By Cork Graham
When I was released from eleven months in a Socialist Republic of Vietnam re-education prison in 1984, after being falsely charged with spying for the CIA, reporters and members of DIA’s Joint Casualty Resolution Center (JCRC)/POW/MIA Div. , US State Department and the British ambassador to Thailand, were amazed at the condition in which I arrived at Don Muaung Airport. As Vice Consul Patricia Langford would later comment, “ We expected had expected a frazzled, wigged-out ex-prisoner, but we were greeted by an Errol Flynn.”
Six years later, I returned from fighting in Reagan’s Secret War to stop Fidel and Raoul Castro’s communist insurgency in Latin America and went to Alaska for a year of solitude to deal with the psychological effects of the previous five years of heavy combat. Living in Alaska, alone in a cabin, including the repressive cold and dark of winter, for a year, was a piece of cake, and just as healing and empowering as I had previously made my experience in that Vietnamese prison years before.
When the world was pretty much put on lock down this year, it surprisingly didn’t hit me as much as it has many. For the world, it has been so bad that the suicide casualty numbers have reached up to a level in some countries surpassing those for the CCP Virus itself. Suicide, overdose; these have been the reasons given for many deaths not directly resulting from CCP Virus infection, to that point that even President Trump commented on it.
How is it that I’ve been able to not only survive, but thrive during this lockdown? How was it that British citizen Richard Knight, with whom I was captured in 1983, basically lost his mind, and often entertained suicide, even looking at how he could attempt such a death: he was the only one allowed to see a member of his country’s foreign service, as the US hadn’t had an embassy in Vietnam since 1975 at that time—this is why those who greeted me at Don Muaung had thought I was in the same condition as he. When he told me that he was going to slit his own throat, I knew I was in trouble and had to ask for isolation again—during my eleven months, I was held in isolation for a total of seven months.
One of the tools I learned to use, which I often suggested to those I later aided as a drug and alcohol counselor specializing in helping those dealing with the symptoms of post-traumatic stress at Friendship House Association of American Indians in San Francisco, from 1992 to 2000, was exercise. Exercise clears the mind, increases the endorphins effecting the pleasure centers of the mind, and offers over all well-being.
Another tool I used is what I call “success focus engineering.” No matter what, I was going to get out of that prison (whether through escape; my ransom being paid; or, being shot and dying while trying to escape—I paid the price of physical abuse for two unsuccessful attempts), and when I got out of that prison, I was going to hit the ground running based on all the plans I had running around in my mind in prison. It was like when I returned from Alaska and achieved a university degree in three years, when others complained they couldn’t get a bachelor’s in under five.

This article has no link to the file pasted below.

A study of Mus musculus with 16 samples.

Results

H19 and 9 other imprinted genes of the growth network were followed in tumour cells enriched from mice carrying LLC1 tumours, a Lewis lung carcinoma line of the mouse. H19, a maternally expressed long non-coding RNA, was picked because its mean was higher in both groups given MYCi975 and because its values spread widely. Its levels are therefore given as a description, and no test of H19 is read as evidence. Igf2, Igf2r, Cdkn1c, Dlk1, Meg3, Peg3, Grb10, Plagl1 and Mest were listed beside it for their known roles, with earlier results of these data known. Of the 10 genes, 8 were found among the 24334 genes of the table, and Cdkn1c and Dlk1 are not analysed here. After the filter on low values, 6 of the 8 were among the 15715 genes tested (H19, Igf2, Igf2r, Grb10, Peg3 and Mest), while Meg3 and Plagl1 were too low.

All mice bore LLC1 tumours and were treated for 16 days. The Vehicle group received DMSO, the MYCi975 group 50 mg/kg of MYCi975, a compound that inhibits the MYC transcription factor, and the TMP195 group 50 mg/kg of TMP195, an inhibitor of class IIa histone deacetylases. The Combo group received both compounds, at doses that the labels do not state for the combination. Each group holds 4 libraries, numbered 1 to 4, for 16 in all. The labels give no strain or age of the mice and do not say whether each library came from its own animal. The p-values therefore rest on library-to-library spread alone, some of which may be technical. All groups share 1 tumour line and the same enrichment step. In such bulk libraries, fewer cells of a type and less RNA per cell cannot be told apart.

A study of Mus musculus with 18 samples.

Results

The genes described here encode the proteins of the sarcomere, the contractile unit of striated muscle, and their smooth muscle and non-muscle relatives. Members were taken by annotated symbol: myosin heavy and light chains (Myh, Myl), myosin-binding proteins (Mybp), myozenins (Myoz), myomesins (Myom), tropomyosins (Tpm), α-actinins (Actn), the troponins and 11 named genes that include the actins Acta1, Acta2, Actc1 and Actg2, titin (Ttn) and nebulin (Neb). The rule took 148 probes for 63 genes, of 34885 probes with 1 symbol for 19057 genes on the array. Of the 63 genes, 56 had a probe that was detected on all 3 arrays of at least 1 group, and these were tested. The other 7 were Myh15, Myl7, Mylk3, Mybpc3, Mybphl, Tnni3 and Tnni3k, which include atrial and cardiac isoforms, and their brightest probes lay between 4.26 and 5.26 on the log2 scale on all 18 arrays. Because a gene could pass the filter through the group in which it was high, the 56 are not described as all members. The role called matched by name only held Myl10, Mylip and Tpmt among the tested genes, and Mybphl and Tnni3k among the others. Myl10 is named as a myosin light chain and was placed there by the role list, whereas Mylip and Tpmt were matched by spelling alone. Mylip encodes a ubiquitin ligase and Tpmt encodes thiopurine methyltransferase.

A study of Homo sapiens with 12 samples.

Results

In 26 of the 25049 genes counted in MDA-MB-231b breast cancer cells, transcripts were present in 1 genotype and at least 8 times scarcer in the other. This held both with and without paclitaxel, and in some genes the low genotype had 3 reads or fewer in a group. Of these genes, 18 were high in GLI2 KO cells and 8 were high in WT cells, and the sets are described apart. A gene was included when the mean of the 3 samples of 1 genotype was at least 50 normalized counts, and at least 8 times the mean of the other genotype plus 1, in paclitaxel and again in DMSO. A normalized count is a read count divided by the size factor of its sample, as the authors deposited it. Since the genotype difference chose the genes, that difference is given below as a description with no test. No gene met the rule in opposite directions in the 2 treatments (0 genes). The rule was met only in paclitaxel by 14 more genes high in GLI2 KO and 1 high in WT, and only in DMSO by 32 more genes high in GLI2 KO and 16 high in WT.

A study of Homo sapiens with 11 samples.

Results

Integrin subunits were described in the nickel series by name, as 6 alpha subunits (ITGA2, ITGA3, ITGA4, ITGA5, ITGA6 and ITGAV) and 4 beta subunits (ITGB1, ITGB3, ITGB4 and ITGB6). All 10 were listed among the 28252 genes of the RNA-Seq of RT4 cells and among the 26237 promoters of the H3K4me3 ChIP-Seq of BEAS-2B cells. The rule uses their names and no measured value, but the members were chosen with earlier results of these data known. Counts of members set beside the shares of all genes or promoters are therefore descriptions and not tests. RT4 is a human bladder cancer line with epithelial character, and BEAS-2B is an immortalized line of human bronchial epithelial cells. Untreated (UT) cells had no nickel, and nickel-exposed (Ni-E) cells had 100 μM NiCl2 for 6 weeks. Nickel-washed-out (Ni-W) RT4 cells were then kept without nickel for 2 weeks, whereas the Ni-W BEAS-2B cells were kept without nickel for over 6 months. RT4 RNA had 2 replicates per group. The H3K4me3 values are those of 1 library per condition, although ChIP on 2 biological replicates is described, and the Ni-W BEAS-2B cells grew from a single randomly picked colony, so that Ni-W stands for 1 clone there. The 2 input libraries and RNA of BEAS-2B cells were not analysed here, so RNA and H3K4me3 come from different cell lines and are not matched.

This is the hardest one for many. From my observations of comedy-actor turned treasure hunter Richard Knight, whose voyage to Vietnam I used to investigate the truth of what happened to American POW/MIAs lost in Vietnam, the hardest thing for him to do was confront himself and befriend who he had become. For many, the hardest one to like, and respect is the individual, him or herself. Most of all, Knight couldn’t believe that all this had happened to him—destroy the victim attitude, or be destroyed by it.
The author living in an A-frame on personal lockdown in Alaska to confront the symptoms of his combat-related PTS from Central America.
Lockdown forces you to either confront and befriend your inner and outer self-image, or it causes you to try to destroy yourself through a variety of self-destructive thoughts and actions: playing the victim and feeling powerless is the epitome me of this. It leads to outward aggression, and, or, self-destruction. We’ve seen this in the news with increased murders, suicides and crimes.
One more tool I’ve suggested is used by members of various special operations units, snipers and competitive shooters: meditation and controlled breathing. These are solid tools for opening and directing the mind toward empowerment. The two together lead to clearing of the mind of clutter and self-destructive thoughts, and enable the practitioner to focus and work toward goals.
Right now, for many, lockdown seems like prison. More importantly it’s going to be a whole new world—it’s already a whole new world—and this time during lockdown is an opportunity to get squared away and prepare for what’s coming biologically (likely another wave), politically (a kinetic war with China for unleashing and lying about a clearly human-modified bat virus), and economically (once the government money stops and the jobs are gone, we’ll be in conditions worse than that which our parents endured in the 1930s).
Use your time wisely: Don’t waste this opportunity to get ahead of curve during this global economic and societal reset.
Author and TV/Film actor Cork Graham’s first arrived at literary acclaim in 2004 with his internationally reported story of intrigue in his 2004 bestselling Vietnam prison memoir The Bamboo Chest: An Adventure In Healing The Trauma Of War. His latest is a whistleblower memoir about the dark side of the reality TV industry, titled So You Want To Be A Reality TV Star: Everything I learned About Sex, Drugs, Fraud, Rock And Roll, And Vipers…As Team Leader Of Discovery Channel’s Treasure Quest Snake Island.